During high school, I decided I didn’t like reading fiction novels. To be more precise, I didn’t like finishing fiction novels. There were no more pages after the last page. There was no pay-off for the emotional investment. Just a gapping hole.
Perhaps that’s why readers are avid.
On to the next!
It’s probably why publishers love a book that will become a series or an author who can crank them out relentlessly. We humans tend to gravitate to the familiar, to recapture, to refill.
I am not a reader.
Starting uni, I worried I wouldn’t survive all that reading. I didn’t bother with History, my favourite subject at high school. The reading lists for a history degree were twice the size of other courses.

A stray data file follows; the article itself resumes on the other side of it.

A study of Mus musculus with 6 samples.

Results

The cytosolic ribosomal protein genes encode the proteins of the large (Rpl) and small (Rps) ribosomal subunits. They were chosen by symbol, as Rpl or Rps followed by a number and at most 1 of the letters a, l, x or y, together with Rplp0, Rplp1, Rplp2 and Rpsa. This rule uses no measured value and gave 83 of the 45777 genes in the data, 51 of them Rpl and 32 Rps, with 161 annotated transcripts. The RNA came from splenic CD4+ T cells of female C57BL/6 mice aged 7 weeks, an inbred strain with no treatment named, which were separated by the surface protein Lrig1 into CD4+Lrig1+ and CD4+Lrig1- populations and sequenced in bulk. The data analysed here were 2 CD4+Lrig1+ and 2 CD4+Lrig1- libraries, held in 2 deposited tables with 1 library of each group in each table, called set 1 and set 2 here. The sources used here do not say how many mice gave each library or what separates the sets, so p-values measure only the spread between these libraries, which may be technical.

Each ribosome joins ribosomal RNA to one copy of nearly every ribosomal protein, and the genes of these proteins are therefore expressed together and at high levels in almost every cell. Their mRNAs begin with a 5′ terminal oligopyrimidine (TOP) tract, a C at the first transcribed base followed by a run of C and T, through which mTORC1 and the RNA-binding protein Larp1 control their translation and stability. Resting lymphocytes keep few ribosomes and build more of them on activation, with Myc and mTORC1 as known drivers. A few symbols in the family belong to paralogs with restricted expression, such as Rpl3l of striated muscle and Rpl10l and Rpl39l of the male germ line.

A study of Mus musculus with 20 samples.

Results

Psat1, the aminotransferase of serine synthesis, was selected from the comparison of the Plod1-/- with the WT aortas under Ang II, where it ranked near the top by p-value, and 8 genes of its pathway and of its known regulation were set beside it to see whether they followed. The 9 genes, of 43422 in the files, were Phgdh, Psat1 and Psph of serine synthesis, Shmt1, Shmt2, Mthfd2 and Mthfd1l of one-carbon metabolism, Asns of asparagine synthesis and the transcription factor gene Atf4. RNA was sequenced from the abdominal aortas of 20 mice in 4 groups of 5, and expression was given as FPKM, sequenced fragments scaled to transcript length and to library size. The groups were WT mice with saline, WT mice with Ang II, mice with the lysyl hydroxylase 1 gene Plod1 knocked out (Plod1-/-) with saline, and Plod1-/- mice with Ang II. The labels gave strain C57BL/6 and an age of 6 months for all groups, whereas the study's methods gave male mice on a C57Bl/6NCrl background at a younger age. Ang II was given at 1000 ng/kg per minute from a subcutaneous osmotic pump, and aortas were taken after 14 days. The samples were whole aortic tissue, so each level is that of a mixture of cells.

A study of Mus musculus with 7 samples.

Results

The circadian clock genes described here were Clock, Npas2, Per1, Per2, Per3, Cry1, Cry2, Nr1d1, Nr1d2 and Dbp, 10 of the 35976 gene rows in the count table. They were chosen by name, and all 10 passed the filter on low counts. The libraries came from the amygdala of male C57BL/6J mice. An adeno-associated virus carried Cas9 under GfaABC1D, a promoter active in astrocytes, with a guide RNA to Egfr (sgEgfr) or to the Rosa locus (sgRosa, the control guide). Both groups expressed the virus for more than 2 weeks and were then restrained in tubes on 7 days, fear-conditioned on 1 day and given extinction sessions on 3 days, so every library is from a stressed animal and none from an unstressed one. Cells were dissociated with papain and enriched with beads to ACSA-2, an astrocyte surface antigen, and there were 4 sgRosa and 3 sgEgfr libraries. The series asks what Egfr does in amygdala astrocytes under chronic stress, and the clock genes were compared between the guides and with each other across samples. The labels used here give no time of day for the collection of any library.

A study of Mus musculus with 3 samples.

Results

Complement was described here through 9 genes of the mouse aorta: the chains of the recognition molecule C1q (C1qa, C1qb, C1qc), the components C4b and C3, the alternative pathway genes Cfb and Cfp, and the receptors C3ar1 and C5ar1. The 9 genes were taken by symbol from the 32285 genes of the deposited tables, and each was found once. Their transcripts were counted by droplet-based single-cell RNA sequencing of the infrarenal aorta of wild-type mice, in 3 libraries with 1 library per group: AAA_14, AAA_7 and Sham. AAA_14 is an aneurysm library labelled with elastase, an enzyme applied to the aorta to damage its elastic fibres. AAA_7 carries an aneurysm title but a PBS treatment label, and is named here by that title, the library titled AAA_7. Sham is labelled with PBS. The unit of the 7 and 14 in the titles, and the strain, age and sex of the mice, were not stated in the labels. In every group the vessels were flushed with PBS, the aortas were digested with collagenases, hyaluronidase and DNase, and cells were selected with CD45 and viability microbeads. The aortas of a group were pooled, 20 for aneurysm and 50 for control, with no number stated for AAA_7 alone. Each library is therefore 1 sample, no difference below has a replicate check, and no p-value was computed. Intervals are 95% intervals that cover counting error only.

Coloured pencils navigated my way through the dense texts and kept me awake. Red to underline the main point of the paragraph. Blue to circle all the joiners and turnabouts – the ands, howevers, buts, yet and insteads. Purple to number or dot point the lists spread across pages or hidden in paragraphs.
(The downside was the need to photocopy or buy my own books. But it was worth it. The structure and content jumped from the page and a well written piece danced before my eyes. Referring back to a passage was so much easier.)
It was an essential system for a non-reader.
So, why has this non-reader finished two books – including a work of fiction – in just two weeks? To be honest, it helped that the second was only 118 pages, and I woke up at 2am one night deciding to finish it.
Ben Aaronvitch’s The Furthest Station.
Quote of the week: “One improvisation amongst the millions and millions of melodies that create the symphony of everything.” (p61)
The colouring craze once dominated my last light each night, but the light here is wrong. Instead, reading has become my final view of the world before lights out.
Dinosaurs next. I wonder if they could sing?